Pfizer announces pill against COVID-19 which reduces risk by 89%

Friday, November 5th 2021 - 18:35 UTC

The Pfizer laboratories Friday announced the development of an experimental pill to treat COVID-19, which the pharmaceutical company claims cuts down the risk of hospitalization and death by 89% of people infected with the virus.

Pfizer Friday published preliminary results of the study it conducted with this drug on a total of 775 adults, which led to the conclusion that patients who took the company's drug along with another antiviral had an 89% reduction in their combined rate of hospitalization or subsequent death, compared to patients who took a placebo.

The results of this intermediate clinical trial are so encouraging that the US laboratory said it will stop recruiting new people for testing and will send the data over to the Food and Drug Administration (FDA) as soon as possible to obtain authorization for emergency use.

“Today's news is a real game changer in global efforts to stem the devastation of this pandemic,” said Pfizer CEO Albert Bourla.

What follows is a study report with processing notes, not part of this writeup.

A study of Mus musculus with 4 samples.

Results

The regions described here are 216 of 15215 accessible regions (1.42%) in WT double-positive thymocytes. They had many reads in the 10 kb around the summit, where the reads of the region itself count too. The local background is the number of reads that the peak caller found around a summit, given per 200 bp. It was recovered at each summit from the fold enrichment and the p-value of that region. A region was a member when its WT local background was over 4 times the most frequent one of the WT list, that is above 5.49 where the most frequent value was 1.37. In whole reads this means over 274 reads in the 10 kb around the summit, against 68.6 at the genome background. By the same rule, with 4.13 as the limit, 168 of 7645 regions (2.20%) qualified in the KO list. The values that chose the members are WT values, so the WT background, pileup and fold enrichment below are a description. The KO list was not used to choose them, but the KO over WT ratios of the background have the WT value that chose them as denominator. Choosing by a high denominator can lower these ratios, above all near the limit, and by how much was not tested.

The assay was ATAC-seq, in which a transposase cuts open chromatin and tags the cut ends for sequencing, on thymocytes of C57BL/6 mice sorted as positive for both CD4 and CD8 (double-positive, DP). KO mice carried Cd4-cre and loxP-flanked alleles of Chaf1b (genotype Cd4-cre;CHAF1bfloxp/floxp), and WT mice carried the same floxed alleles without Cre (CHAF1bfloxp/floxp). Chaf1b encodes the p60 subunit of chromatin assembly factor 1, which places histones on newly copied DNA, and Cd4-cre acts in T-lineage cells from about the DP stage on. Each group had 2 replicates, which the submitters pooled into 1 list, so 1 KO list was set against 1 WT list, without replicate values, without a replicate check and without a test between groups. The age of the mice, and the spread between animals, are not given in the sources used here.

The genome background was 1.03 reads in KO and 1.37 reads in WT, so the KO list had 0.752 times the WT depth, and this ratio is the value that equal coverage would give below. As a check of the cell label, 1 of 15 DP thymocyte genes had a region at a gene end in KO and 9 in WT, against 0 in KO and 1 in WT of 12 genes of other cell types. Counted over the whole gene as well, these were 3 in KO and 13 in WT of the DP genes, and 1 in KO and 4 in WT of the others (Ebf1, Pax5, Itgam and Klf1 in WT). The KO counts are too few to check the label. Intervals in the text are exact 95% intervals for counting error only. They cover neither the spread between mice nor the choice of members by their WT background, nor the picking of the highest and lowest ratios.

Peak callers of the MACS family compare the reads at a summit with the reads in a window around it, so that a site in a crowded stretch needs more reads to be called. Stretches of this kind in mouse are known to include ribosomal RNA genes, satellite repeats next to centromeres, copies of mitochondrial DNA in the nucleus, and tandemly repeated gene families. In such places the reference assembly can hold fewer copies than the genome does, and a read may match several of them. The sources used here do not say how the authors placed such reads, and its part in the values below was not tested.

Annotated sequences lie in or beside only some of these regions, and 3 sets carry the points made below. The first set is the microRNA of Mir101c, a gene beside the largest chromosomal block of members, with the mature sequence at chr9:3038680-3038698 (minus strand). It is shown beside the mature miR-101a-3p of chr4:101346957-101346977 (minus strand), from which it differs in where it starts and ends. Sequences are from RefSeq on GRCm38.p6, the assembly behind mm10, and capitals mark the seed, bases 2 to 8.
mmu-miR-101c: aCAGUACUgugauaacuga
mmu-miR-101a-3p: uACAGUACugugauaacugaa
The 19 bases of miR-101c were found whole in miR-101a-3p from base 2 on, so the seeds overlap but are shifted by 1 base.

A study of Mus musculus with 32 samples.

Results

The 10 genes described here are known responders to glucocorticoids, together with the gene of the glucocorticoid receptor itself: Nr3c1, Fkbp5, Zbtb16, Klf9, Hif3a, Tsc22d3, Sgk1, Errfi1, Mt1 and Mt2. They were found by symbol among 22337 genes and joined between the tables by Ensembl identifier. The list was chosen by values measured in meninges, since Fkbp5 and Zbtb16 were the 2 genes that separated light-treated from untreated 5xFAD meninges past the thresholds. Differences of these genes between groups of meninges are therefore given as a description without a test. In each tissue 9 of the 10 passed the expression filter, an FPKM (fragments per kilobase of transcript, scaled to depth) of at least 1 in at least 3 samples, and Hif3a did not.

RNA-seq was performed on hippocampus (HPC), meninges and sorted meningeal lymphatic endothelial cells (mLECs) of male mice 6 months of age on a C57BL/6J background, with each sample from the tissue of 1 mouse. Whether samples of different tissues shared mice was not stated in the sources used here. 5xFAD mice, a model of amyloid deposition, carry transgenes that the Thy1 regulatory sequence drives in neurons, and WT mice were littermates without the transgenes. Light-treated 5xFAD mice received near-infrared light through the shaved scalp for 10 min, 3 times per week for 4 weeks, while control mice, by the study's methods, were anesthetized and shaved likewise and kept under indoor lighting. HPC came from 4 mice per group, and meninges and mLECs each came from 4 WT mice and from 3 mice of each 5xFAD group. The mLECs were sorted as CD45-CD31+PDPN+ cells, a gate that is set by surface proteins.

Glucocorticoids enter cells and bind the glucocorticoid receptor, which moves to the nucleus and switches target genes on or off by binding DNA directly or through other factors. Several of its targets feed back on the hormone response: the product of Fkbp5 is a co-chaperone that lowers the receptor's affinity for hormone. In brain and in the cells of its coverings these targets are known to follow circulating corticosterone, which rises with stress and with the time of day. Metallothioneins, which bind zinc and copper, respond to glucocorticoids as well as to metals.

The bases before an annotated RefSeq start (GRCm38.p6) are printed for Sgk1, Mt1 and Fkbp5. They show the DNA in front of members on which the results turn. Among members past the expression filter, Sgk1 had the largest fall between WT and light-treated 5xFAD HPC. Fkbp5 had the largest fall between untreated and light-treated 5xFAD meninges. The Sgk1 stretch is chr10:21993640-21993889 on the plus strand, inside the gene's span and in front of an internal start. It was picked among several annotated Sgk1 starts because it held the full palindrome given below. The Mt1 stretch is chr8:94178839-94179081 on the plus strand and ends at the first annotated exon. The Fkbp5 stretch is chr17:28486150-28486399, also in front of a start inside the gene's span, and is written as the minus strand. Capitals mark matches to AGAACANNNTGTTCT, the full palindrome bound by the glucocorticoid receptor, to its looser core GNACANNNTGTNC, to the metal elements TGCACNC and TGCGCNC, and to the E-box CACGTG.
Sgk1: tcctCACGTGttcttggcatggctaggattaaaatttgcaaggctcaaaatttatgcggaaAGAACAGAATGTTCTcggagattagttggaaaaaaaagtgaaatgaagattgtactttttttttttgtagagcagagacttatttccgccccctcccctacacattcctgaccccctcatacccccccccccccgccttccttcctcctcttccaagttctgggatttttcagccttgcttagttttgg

“These data suggest that our oral antiviral candidate, if approved or licensed by regulatory authorities, has the potential to save patients' lives, reduce the severity of covid-19 infections, and eliminate up to nine out of 10 hospitalizations.” he added.

Pfizer began developing its anticovid drug in March 2020, the first specifically designed against coronavirus. The new drug is known as a “protease inhibitor” and has been shown in laboratory tests to block the replication machinery of the virus.

If it works, it is likely only effective in the early stages of infection, as by the time covid progresses to severe disease, the virus largely stops replicating and patients experience a more active immune response.

Since the beginning of the pandemic, a simple pill has been sought to combat the coronavirus, but so far, anticovid therapies - such as monoclonal antibodies and Gilead's remdesivir, authorized for use in the EU under the name Veklury - have been intravenously.

Several laboratories are working on oral antivirals that would mimic the influenza drug Tamiflu and prevent the disease from progressing to serious stages.

The United Kingdom, one of the countries hardest hit by the pandemic, became the first country to approve an anticovid pill on Thursday, giving the green light to the use of Merck's antiviral drug, molnupiravir, to treat patients suffering from mild to moderate coronavirus.